But a decision Verizon made at least two years ago to cut the human out of many customer interactions is blunting some of the strike's effects, company executives say. The technology-driven shift — from hold music and long wait times toward instant, digital self-service — could give Verizon a greater ability to withstand one of the biggest walk-offs in company history. And that may have implications for continuing negotiations between union leaders and management.
In 2014, about 1 in 5 customer service interactions was resolved by customers themselves using Verizon's website or its interactive phone menus, Senior Vice President Tami Erwin said. The figure covers home network and router troubleshooting, as well as requests ranging from billing inquiries to bundling upgrades.
Today, even more customers are clearing up their service issues without the aid of a human agent. Customer self-service now accounts for more than 60 percent of all service transactions, Erwin said.
"The self-serve environment … has allowed to us be very personal, very predictive and very proactive," she said.
The use of technology saves "multiple millions of calls per month," Executive Vice President Bob Mudge said in an interview last week. What once used to require talking to a customer service representative, such as upgrading a service plan to a faster Internet speed, can now be done in several clicks online or from a living room TV set. Even Verizon's FiOS routers are now considered "self-healing" — users can instruct them to reboot themselves if there's a problem.
In general, Mudge added, this has meant customer representatives can afford to spend better quality time with customers who need assistance with more complex problems.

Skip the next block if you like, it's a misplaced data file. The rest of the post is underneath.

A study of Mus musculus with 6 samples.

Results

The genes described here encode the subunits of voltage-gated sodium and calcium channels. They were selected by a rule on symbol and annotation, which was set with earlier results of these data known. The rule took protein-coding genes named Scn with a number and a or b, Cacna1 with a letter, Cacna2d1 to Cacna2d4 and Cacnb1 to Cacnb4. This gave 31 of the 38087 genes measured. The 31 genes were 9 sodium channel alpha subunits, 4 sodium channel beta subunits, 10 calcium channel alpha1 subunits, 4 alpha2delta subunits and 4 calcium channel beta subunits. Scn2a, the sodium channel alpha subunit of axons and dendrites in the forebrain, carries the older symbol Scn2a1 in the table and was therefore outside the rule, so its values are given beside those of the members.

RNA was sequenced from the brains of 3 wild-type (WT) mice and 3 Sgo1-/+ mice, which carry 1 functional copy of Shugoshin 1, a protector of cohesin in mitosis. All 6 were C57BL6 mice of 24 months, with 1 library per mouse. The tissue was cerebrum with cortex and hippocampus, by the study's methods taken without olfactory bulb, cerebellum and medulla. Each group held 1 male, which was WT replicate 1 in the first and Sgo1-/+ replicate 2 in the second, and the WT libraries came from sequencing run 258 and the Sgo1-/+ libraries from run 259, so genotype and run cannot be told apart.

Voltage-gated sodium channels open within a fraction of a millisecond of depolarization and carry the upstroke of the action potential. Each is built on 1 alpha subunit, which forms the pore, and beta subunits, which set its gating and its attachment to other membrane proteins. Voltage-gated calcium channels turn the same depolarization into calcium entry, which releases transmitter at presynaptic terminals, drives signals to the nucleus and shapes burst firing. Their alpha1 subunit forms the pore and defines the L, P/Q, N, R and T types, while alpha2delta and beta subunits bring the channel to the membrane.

Verizon claimed that the strike has led to minimal disruptions in actual service, although Erwin acknowledged that the temporary workers are "never going to be as good at serving our customers as our front-line employees, because they're excellent."
The increased use of technology means Verizon may be able to hold out for far longer in response to worker demands, especially when you factor in the back-end technological changes that have made it easier for Verizon's temporary workers to learn their "new" jobs.
About a year ago, the company began putting some salaried employees through a training program at a national centralized location, Mudge said. Many of Verizon's tens of thousands of temporary call-center replacements — which include regular company lawyers, public relations officials and even corporate tax employees — have been trained using software that guides the worker step by step through potential problems that a customer might describe over the phone. Other management-level employees have taken on field jobs that include going out in bucket trucks. The company took advantage of online videoconferencing technology to conduct many of the necessary training for these replacements. And it provided a tablet to each of its temporary workers so that they could be prepared.
"We flipped the switch and activated emergency workers who had tablets and began dispatching them to work," Mudge said.
Both management and union representatives appear to agree that these technologically driven trends are not at stake in ongoing discussions. Outsourcing call-center jobs to foreign countries and requiring workers to relocate for months at a time — potentially resulting in disrupted families — remain two of the top points of disagreement.
"We understand technology and that things are going to change," said Marilyn Irwin, who was a Verizon operator for 40 years before becoming president of a local union chapter representing Montgomery and Prince George's counties, in Maryland. "Because of technology, we're going to be able to do things quicker, easier, and [in] a better way. That's not really our issue."
But, Irwin said, the impact of a strike used to be much more significant when customers didn't have the Internet and smart telephone menus that can respond to the human voice.
"My first strike was in 1983, and things kind of came to a halt when we walked out in 1983, because there was so much that required human intervention," she said. "And now there's a whole lot that doesn't."